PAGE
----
United Nations General Assembly


New York, 9 March 2010

Mr. Secretary-General,
Excellencies,
Friends and Family Members,

We are gathered here today to pay tribute to the brave men and women of the United Nations who lost their lives serving the cause of peace and security in Haiti. It is with a heavy heart that we receive their families here at the United Nations Headquarters in New York as we honour the memory of our colleagues and friends.

For the Haitian people, everything changed at 16.53 hours on 12 January 2010 when the earthquake struck.  All over the world, people reeled at the images of collapsed buildings and the thought of people trapped inside, the destroyed roads and the heavily damaged capital city Port-au-Prince, and the despair and fear of Haitians on the street calling for help.We are still struggling to cope with the enormity of the earthquake, which claimed hundreds of thousands of lives and made more than a million Haitians homeless.

Our hearts broke each time we would hear, over the next several days, the reports of lost colleagues, coming soon to recognize that the United Nations itself had experienced an unprecedented tragedy. We stood in shock as we learned that the highly respected and appreciated leadership of MINUSTAH – SRSG Hédi Annabi, DSRSG Luiz Carlos Da Costa and Police Commissioner Douglas Coates – were among those who lost their lives.  We mourned, and we continue to mourn, for each and every one of the 101 United Nations brothers and sisters – civilian, military and police personnel – from 29 Member States.  Everyone here today knows someone who was affected by this tragedy.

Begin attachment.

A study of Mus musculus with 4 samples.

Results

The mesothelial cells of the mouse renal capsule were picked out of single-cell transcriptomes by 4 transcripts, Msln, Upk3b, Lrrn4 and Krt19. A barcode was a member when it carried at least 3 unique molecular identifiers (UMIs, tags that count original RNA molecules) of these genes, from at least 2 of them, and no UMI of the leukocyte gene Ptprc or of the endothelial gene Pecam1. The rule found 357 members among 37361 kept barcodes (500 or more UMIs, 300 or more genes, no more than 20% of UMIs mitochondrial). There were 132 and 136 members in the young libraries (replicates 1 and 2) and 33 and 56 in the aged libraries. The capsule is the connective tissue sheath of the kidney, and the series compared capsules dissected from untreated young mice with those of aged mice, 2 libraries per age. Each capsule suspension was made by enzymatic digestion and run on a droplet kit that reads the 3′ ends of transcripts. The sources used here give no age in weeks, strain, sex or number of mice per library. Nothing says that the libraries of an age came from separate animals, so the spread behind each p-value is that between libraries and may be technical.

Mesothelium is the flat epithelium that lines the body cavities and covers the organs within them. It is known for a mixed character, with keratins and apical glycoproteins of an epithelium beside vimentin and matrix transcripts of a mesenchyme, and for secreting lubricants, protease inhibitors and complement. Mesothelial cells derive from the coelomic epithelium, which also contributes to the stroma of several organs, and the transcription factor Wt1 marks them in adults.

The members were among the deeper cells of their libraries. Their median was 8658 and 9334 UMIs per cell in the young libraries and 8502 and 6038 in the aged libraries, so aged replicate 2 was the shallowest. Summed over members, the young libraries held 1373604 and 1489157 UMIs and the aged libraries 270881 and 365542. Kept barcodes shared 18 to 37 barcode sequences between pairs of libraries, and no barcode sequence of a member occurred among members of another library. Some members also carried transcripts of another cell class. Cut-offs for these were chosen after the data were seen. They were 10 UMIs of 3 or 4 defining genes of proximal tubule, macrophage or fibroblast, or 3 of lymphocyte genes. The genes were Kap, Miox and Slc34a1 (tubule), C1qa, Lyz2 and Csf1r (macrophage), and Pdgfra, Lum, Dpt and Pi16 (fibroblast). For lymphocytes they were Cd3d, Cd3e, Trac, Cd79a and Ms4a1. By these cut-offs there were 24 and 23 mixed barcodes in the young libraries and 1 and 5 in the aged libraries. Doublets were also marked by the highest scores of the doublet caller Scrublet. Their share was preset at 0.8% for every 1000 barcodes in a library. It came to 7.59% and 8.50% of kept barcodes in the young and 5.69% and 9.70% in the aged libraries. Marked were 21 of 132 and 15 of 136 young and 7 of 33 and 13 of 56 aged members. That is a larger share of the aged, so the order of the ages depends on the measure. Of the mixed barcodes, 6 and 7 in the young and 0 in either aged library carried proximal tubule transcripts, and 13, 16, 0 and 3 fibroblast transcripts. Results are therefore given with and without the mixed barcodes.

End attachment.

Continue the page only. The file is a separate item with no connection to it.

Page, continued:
Today, we pause to honour them and pay tribute to their tireless work and sacrifice in the service of the Haitian people and the cause of peace. I believe one way to pay tribute to their service and sacrifice is to demonstrate our continued determination to support Haiti and its people.   

After the cameras have left, critical work remains to be done. More than a million people remain homeless in tent cities, with the upcoming rainy season, and new threats of disease and illness. It is not enough to respond only to immediate needs, the ultimate challenge is for Haiti to fully embark on the path to sustainable development.  The international community is – and must remain – deeply engaged.

To the families, friends and colleagues who are with us today and to those who could not be with us, I offer the deepest condolences on behalf of Member states who mourn with you and pay tribute to your loved ones. The lives of our colleagues and friends will not be forgotten.  Their legacy will continue in serving the cause of peace and security.